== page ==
Wednesday, June 20, 2007

Bear Stearns' P*** Will Hit the Fan

This is not good news:

A day after managers of a troubled internal hedge fund at Bear Stearns Cos. presented lenders with a last-ditch plan to reinvigorate the fund with additional financing, creditor Merrill Lynch & Co. pushed forward with plans to sell hundreds of millions of dollars in collateral assets out of the fund, said traders late Tuesday.

Merrill has indicated plans to sell off at least $850 million worth of collateral assets, mostly mortgage-related securities, Wednesday afternoon, according to documents reviewed by the Wall Street Journal.

In related developments:

Two big hedge funds at Bear Stearns Cos. moved toward the brink of closing down ... as a bailout plan ... fell apart ...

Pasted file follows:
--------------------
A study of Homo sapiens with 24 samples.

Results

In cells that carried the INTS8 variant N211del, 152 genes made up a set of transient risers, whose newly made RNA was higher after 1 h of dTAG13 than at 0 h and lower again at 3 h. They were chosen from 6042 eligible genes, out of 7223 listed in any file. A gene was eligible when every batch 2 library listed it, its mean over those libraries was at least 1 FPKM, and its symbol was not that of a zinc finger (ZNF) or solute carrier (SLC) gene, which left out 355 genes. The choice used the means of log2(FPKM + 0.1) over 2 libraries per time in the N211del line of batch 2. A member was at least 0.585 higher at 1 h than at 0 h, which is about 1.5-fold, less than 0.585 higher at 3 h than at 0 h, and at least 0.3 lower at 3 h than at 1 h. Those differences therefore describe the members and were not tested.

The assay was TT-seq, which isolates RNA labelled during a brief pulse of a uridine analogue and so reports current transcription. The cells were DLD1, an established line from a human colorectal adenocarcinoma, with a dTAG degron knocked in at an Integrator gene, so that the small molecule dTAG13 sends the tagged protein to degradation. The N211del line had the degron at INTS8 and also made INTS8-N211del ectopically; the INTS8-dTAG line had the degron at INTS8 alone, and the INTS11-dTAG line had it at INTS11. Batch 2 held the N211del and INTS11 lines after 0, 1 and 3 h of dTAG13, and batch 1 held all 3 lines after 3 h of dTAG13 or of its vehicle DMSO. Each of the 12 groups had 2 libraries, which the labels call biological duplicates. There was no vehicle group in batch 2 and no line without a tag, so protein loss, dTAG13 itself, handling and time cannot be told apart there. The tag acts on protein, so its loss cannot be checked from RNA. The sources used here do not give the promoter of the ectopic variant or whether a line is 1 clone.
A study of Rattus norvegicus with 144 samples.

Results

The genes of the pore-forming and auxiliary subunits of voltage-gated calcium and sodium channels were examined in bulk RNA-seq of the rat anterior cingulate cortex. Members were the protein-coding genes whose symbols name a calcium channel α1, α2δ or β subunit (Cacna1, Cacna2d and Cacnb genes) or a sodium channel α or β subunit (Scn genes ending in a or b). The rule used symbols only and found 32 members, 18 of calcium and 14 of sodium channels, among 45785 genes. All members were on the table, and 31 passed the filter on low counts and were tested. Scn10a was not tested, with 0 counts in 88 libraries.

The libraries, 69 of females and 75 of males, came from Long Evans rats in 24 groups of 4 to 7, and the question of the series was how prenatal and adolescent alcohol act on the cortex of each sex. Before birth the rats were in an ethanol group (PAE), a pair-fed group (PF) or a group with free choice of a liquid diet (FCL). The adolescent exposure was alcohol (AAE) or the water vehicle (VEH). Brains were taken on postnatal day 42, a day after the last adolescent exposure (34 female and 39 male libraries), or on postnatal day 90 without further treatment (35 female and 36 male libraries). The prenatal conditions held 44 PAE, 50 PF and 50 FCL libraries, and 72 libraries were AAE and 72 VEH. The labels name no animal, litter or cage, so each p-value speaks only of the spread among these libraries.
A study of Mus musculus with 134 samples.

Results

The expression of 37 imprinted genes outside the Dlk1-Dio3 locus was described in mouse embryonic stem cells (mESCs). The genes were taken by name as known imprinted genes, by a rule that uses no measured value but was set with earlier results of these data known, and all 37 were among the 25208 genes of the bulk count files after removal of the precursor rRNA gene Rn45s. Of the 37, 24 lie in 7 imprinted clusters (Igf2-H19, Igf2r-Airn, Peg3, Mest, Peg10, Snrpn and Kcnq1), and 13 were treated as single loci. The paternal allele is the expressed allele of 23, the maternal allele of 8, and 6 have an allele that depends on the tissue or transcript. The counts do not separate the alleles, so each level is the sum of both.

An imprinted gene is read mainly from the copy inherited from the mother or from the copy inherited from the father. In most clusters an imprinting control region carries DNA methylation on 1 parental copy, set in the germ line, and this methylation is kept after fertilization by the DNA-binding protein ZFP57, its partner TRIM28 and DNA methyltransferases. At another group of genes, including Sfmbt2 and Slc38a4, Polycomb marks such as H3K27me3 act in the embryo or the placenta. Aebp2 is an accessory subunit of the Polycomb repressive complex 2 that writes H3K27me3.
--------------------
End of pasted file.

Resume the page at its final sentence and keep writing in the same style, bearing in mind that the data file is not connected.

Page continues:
The funds, which once controlled more than $20 billion in a combination of investor and lender money ... had invested heavily in various securities backed by subprime loans ...... the funds had effectively paid down $2.25 billion of their $9 billion in outstanding credit.

The first two lenders to exit their positions, Goldman Sachs Group Inc. and Bank of America Corp., agreed to unwind complicated transactions with Bear without dumping lots of bonds on the broader market. .

..By unwinding those loans in an orderly manner, rather than through a series of fire-sale auctions, Bear's fund managers ... could help stave off painful ripple effects in the broader market for mortgage-backed securities and related instruments. ...

Of course, "unwinding...without dumping" means that Goldman and BoA hope to maintain SOME value to the asset.

However, the news, in and of itself, will have its effects. Tempting as it may be, don't get into schadenfreude-mode over the hits taken by Bear Stearns.